Malawi Disaster Unchanged
|June 3, 2006||Posted by Staff under Progress Report, The Progress Report|
Malawi Disaster Unchanged
Why is Poverty So Hard to Overcome?
Here is a new report from IRIN, a project of the United Nations Office for the Coordination of Humanitarian Affairs.
Emergency handouts do not solve poverty. Government debt does not solve poverty. Economic justice would. There is plenty of good farmland in Malawi, but people are not allowed access to it.
Despite the efforts of the past eight years, little has changed and Malawians are still just as poor as they were, the latest government assessment has revealed.
More than half the country’s population continues to live on around 32 US cents a day and just over a fifth of Malawians live on 20 US cents a day.
“Poverty continues to be widespread in Malawi and there has been little or no progress in reducing poverty and inequality since 1998″, said the draft Poverty and Vulnerability Assessment (PVA), jointly compiled by the Malawi government and the World Bank.
The report’s main source of information was the 2005 Integrated Household Survey (HIS) by the National Statistics Office, the second one ever carried out, which delivered “the best data on the state of poverty we have ever had”, World Bank Country Manager Timothy Gilbo told IRIN.
Comparing the figures with those in the 1998 HIS provided analysts with new insight into prevailing conditions and allowed them to determine what progress had been made. “Since 1998, not much has really changed,” Gilbo said.
The survey found that 6.4 million people, more than half Malawi’s population [52 percent], were living below the poverty line, while 2.7 million, or about one-fifth [22 percent], were experiencing ultra-poverty – “such dire poverty that they cannot afford to meet even the daily recommended food requirements”. Most of the poor were in rural areas in the southern and northern parts of the country, with the central region slightly better off.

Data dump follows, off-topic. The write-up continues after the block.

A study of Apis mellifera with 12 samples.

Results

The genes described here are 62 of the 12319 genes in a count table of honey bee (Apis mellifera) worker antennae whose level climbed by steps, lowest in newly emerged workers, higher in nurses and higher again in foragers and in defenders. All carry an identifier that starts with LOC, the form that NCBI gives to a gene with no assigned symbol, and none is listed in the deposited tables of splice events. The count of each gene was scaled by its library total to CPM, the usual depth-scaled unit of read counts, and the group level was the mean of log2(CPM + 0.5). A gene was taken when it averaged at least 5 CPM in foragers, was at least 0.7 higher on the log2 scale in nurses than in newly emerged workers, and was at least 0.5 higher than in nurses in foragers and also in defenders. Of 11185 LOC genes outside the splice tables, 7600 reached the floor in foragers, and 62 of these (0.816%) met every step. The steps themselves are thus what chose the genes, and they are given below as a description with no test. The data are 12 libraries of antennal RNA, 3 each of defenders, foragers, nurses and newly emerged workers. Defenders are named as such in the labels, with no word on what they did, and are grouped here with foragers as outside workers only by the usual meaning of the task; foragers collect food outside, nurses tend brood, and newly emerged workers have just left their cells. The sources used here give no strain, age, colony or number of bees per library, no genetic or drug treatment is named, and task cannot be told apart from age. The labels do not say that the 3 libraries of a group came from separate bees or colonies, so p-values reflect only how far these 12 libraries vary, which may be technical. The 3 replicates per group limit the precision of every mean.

A key factor in Malawi’s high and persistent poverty is its very young and rapidly expanding population. With 60 percent of its 12.3 million population aged under 20, according to a 2005 estimate, “more than half of the poor in Malawi are children”.
“Even though the poverty level remained constant, the data shows that poverty is dynamic – people move into and out of poverty,” Gilbo remarked. The report said this was because Malawi suffered from a “frequent and widespread existence of shocks – drought, price volatility [mainly food], illness and deaths are the main sources” of changing circumstances.
The most serious challenge facing Malawi was widespread malnutrition: “chronic malnutrition is endemic – a staggering 44 percent of preschoolers are stunted”, the report noted. “Poor nutrition is surprisingly constant throughout all income levels. This points to other factors next to only lack of food, like the need to diversify diets and education about food,” Gilbo said.
The fight against HIV/AIDS remained a national emergency. “HIV/AIDS is putting considerable pressure on the public sector – only 31 percent of communities have access to a health clinic, and drugs are not readily available”, the survey found.
According to Gilbo, the report highlights the need for better targeting by social protection programmes. “Community-based programmes have not worked well in hitting the poorest – there are no easy answers in targeting, and this will remain one of the biggest challenges.” Citing the World Food Programme as an example, Gilbo said a lot had been done to improve targeting since 2003.
Economic growth, rather than reshuffling income, would determine whether Malawi managed to lift itself out of poverty, Gilbo said. “Economic growth is essential, and this is something the government is focusing on,” he said.
The high level of domestic debt, now a dominant feature in Malawi’s economy, was hindering growth as well as poverty reduction, the report commented. Interest payments represented an enormous burden – 35 percent of the budget.